Friday, December 21, 2007


In adventure racing, TRANSITION is defined as the location and time it takes the team to move from one discipline to another. Each minute is precious and it is ideal to have a smooth, fast transition. You should get in, change clothes and gear, eat, grab the essentials for the next leg and get out with no mistakes and no lost time. This is something that can be planned for ahead of time and organization and practice can perfect the transition into a "flowing discipline of grace."

In life, TRANSITION is defined as the movement, passage, or change from one state to another; such as the transition from life in the wilds of Alaska to life in the wilds of Orange County, California. Unfortunately for me, this has been anything but a "flowing discipline of grace." So many things happened and changed in my world during the three months I was away and it hit me like brick wall upon my return. Family, friends, work, racing, and training all succumbed to the never ending evolutionary state of life and it has been overwhelming. This is something that I did not plan for and practice ahead of time and I must admit that this TRANSITION is not flowing smoothly with no mistakes and no lost time.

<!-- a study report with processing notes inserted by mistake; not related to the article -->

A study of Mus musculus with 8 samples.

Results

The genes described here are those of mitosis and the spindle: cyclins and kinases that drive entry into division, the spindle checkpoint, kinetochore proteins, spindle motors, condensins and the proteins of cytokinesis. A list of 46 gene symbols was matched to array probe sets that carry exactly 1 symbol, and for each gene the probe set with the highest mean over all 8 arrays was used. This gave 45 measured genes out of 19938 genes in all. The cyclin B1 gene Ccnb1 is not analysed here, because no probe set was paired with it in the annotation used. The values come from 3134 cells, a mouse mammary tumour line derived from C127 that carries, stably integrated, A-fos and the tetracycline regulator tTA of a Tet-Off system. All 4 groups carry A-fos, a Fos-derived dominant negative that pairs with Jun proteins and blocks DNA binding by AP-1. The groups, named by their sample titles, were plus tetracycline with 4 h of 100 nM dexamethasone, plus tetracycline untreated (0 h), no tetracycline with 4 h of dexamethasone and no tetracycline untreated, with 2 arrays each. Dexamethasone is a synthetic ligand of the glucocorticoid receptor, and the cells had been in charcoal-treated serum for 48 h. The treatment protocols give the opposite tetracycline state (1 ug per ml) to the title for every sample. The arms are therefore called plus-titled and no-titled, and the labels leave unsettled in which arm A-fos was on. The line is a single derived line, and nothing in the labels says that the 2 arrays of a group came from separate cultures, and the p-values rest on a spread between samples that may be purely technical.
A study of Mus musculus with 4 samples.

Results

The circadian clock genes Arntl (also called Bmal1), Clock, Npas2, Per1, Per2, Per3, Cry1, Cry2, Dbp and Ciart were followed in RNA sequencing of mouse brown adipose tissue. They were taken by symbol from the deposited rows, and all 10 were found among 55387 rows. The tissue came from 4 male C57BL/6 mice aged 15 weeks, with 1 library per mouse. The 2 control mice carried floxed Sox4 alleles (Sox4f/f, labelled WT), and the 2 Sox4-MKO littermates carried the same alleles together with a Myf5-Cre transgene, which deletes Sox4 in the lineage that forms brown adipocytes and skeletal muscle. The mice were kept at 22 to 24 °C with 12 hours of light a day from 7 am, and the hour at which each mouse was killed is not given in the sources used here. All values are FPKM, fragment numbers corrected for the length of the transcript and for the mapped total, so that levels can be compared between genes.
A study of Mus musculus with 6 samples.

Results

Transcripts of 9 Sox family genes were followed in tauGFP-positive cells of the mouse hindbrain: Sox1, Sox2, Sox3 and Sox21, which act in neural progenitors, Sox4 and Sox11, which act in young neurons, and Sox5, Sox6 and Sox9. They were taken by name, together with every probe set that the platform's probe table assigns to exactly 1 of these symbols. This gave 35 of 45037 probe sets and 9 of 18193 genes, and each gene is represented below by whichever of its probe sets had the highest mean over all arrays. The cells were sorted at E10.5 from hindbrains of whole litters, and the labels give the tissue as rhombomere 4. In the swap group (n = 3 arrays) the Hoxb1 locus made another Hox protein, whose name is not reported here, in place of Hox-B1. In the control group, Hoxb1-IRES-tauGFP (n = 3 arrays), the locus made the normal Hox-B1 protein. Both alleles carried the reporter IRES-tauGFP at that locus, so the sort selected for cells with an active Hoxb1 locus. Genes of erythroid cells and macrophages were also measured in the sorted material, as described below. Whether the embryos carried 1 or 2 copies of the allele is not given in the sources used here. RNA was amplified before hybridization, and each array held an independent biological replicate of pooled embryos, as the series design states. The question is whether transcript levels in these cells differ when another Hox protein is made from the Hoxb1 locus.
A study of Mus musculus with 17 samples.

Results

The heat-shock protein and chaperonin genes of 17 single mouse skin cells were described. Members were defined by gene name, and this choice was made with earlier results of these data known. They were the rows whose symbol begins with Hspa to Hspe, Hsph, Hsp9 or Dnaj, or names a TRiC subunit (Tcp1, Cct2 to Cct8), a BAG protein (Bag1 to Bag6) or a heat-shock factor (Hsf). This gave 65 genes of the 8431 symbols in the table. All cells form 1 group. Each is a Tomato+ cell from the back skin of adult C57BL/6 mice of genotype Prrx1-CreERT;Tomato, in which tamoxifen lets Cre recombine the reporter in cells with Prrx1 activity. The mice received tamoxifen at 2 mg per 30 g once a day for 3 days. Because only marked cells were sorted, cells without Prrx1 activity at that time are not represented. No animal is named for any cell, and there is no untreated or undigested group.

However, the "race" of life goes on and I'm beginning to find the flow again. Some time on my bike, some time with family and friends, and some time reflecting on the wondrous serenity of Alaska (and the ability to return there if needed) reminds me that each minute is precious and I must learn and adapt to the world around me.

Unfortunately I am unable to write stories about our time in Alaska and I have no photos to share. The story, my photos and my journal will all be revealed in April on the Discovery Channel and their website. But you might check out the Discovery Channel on December 26. They are supposed to preview next year's shows and I'm not 100% sure, but there might be a preview of "The Alaska Experiment." Let me know if you see it as I will be traveling home to Texas on the 26th to spend some much needed time with my entire family and school friends. But if you can't wait until April to hear about it, let's do lunch or go for a ride and I will give you a preview! :)

Hugs and Happy Holidays!!


The German said...

Indeed ...stopping is often harder than keeping going !

I spent a month rambling about the Himalya about 10 years ago. The culture shock WASNT in Nepal was coming home to Glasgow. Think it took about 6 months for me to settle down again.

Have a great Christmas I am looking forward to the show airing the the UK !

Lucas said...

Merry Christmas! I hope that you have a great time with your family and I look forward to seeing you at the races...maybe..? Josh told me that you may have other plans! Enjoy the holiday!

Adam Lisonbee said...

Wow cool. that had to be an incredible experience. I can't wait to see the show on TV.

Hope all is well.

LyndaW said...

I find the magnitude of difficulty in assimilating back into real life is directly proportional to how fabulous the trip was...

Welcome back. It is nice to have your happy self among us again.